Summit County authorities are educating the public on the dangers of "one-pot" meth labs and the effects they have on families .
Appearing on the 1590 WAKR Ray Horner Morning Show, Summit County Sheriff's Inspector Bill Holland says these labs are shifting away from the "chemistry set" look and are commonly made in 2-liter bottles of pop.
"The one-pots can be carried around in backpack, toted in the trunk of a car, so they're very portable, which is good for the meth cook and bad for law enforcement and the general public," Holland says.
On Wednesday, the Summit County Sheriff's Department was alerted about a Stow boy who showed up to school smelling like chemicals which eventually led to authorities finding a meth lab in the basement of the boy's home.
All five children living in the home were taken by Summit County Children's Services.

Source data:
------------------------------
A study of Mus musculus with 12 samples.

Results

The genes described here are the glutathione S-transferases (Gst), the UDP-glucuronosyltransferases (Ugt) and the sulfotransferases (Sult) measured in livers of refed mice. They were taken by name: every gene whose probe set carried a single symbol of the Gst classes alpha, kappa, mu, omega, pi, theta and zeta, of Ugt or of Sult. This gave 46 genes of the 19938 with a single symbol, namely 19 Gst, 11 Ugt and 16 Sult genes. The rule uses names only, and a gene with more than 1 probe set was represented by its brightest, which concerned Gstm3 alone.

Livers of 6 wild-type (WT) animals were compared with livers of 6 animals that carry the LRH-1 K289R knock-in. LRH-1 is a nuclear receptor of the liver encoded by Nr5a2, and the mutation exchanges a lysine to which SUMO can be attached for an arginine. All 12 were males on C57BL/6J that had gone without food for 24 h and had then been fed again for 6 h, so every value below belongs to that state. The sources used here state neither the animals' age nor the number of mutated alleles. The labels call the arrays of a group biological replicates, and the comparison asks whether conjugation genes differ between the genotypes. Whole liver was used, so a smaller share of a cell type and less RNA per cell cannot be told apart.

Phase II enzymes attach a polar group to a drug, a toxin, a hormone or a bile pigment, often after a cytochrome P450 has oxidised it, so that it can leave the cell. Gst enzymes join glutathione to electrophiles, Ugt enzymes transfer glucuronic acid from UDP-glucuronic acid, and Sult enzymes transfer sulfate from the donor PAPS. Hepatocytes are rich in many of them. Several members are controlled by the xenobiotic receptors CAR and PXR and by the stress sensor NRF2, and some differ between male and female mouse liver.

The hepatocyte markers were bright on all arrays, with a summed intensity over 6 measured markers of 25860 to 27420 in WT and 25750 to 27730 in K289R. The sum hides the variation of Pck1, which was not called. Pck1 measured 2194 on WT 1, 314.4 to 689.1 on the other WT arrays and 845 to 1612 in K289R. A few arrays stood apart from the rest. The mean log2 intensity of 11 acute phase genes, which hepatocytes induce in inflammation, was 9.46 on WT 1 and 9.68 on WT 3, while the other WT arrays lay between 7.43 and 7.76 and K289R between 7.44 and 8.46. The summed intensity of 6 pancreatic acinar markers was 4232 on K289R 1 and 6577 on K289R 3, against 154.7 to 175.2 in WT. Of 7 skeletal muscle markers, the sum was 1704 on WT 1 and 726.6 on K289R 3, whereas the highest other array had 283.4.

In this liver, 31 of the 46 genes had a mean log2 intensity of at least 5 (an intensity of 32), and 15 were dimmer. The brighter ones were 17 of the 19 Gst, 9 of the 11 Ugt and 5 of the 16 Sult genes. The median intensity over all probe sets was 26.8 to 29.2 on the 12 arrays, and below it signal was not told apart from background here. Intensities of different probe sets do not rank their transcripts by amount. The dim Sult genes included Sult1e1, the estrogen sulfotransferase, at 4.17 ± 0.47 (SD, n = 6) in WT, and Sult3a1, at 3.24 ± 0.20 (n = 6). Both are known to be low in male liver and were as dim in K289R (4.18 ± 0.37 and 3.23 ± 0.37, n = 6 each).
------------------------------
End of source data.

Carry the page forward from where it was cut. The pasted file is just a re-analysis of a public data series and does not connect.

Holland says there is a distinct odor associated with meth labs that people should look out for.
"There's some very, very strong chemicals that are used to manufacture meth, things that are purchased in local hardware stores," he said.
"Some people describe the odor as cat urine, which is very pungent and easily detected."
Inspector Holland says a lot of times, the Sheriff's Department and other law enforcement agencies get tips on these meth labs because of the smell.
Holland says the attraction for addicts to manufacture meth is that they make it to fuel their own addictions.
He says its important for law enforcers to educate the public, parents, school personnel and others on what to look for in regards to meth labs so people don't get injured.